With the cost of cybercrime rising every year, the need for online security is now a matter of life against death for site owners who want to retain the trust of their clients and users.
If the estimations we have today are anything to go by, we are going to have a multitrillion-dollar hacking “industry” by the time we hit 2019.
But how do you keep yourself safe from such vicious criminals? One of the biggest pillars of online security you can resort to is getting an SSL certificate.
But before you settle for a particular SSL, you need to ensure it is the right choice for your website. That is why this post will focus not just on a certificate, but rather, the right one for your site.
Currently, the need for online safety is so grave the even Google is wading into the whole issue. For instance, they are rewarding websites that use SSL with a higher ranking.
At the beginning of this year, Google took the game to another level by threatening to flag sites that are not secured by HTTPS as “not secure.” This kind of flagging will alert users to the fact that the sites they are about to visit and interact with are not secure.
This new push should make serious website owners rethink their online security plans.
So, what is the difference between SSL certificates?
Initially, we emphasized the need for getting the right certificate for your website. However, I would like to clarify this point by pointing out that the appropriateness of a certificate does not depend on how more or less secure it is than another certificate.
The difference comes in based on the unique requirements the solution meets using its distinct features.
Let us look at these five types of ordinary and premium SSL certificates available on the market today.
Single domain certificates
Just as their name suggests, these types of certificates protect a single domain. This provision means that if you have other sub-domains on your site the certificate will not cover them.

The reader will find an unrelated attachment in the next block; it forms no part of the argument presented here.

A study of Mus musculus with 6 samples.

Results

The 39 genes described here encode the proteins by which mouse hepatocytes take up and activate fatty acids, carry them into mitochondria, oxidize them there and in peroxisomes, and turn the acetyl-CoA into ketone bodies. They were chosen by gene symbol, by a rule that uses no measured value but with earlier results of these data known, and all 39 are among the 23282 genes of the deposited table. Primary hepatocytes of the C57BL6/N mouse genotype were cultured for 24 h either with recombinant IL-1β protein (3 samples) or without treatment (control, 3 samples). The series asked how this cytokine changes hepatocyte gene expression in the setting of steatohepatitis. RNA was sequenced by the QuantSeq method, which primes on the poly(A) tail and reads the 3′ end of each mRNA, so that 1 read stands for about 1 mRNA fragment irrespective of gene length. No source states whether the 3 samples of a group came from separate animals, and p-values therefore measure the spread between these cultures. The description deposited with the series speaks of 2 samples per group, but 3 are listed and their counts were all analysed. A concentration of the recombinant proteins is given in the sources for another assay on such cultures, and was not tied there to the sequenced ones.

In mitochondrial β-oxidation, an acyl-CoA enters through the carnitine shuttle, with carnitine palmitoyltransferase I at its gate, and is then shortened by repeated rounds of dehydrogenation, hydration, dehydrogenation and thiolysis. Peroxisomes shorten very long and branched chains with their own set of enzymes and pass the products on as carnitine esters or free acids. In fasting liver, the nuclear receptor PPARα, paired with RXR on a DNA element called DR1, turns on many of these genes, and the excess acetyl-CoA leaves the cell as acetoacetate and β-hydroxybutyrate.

For example, if your web address is www.mysite.com, any other sub-domain like mysely.mysite.com will remain outside the security umbrella. This solution will work perfectly for you if you are running a simple website that mainly features content.
Multi-domain certificates (SAN)
These domains mean exactly what their names imply—they can protect several domains. If you have several sites you need to secure, then this type of security will work best for you.
Additionally, they are flexible enough to cover websites that could go away or do not yet exist. However, these certificates have a limit to the number of sites they can secure.
On the other hand, Wildcard certificates secure all the sub-domains on a single hostname of the website. For example, if you have a site address that reads www.myfamily.com, a QuickSSL certificate will cover other sub-domains such as login.myfamily.com or kids.myfamily.com. With a Wildcard, you can bring your main site and all its subsequent sub-domains under one cover of protection.
These types of certificates verify the identity of an organization and information such as its physical address. These certificates work like single-domain certificates. However, they protect more content-based sites that do not require payment options or have e-commerce provisions. In addition, they are useful in confirming and verifying other critical details relating to the organization.
Extended validation certificates
In theory, many people term them as the securest form of SSL option on the market today. This perception is caused by the fact that these solutions perform extra organization validation.
In addition, they verify the domain and double-check the legal incorporation of the enterprise. That is why it takes several days or even weeks to issue them. In addition, they allow site visitors to see a green address bar on most of the modern browsers like Google’s Chrome.
In most cases, companies pay to make their sites more credible and reputable in the eyes of their visitors and customers. If you are looking to secure a large organization such as a government entity, then these solutions are an ideal choice.
Securing your website with HTTPS is fast becoming a must-have requirement for business and site owners. The benefits and risks are grave because they affect both the site users/visitors and owners.
But you need to exercise due diligence so that you don’t just get a certificate, but rather, one that has all the features and capabilities that will meet your needs for online security.
With these facts at your fingertips, you are a step ahead in securing not just your site, but also, the trust and loyalty of your visitors and customers.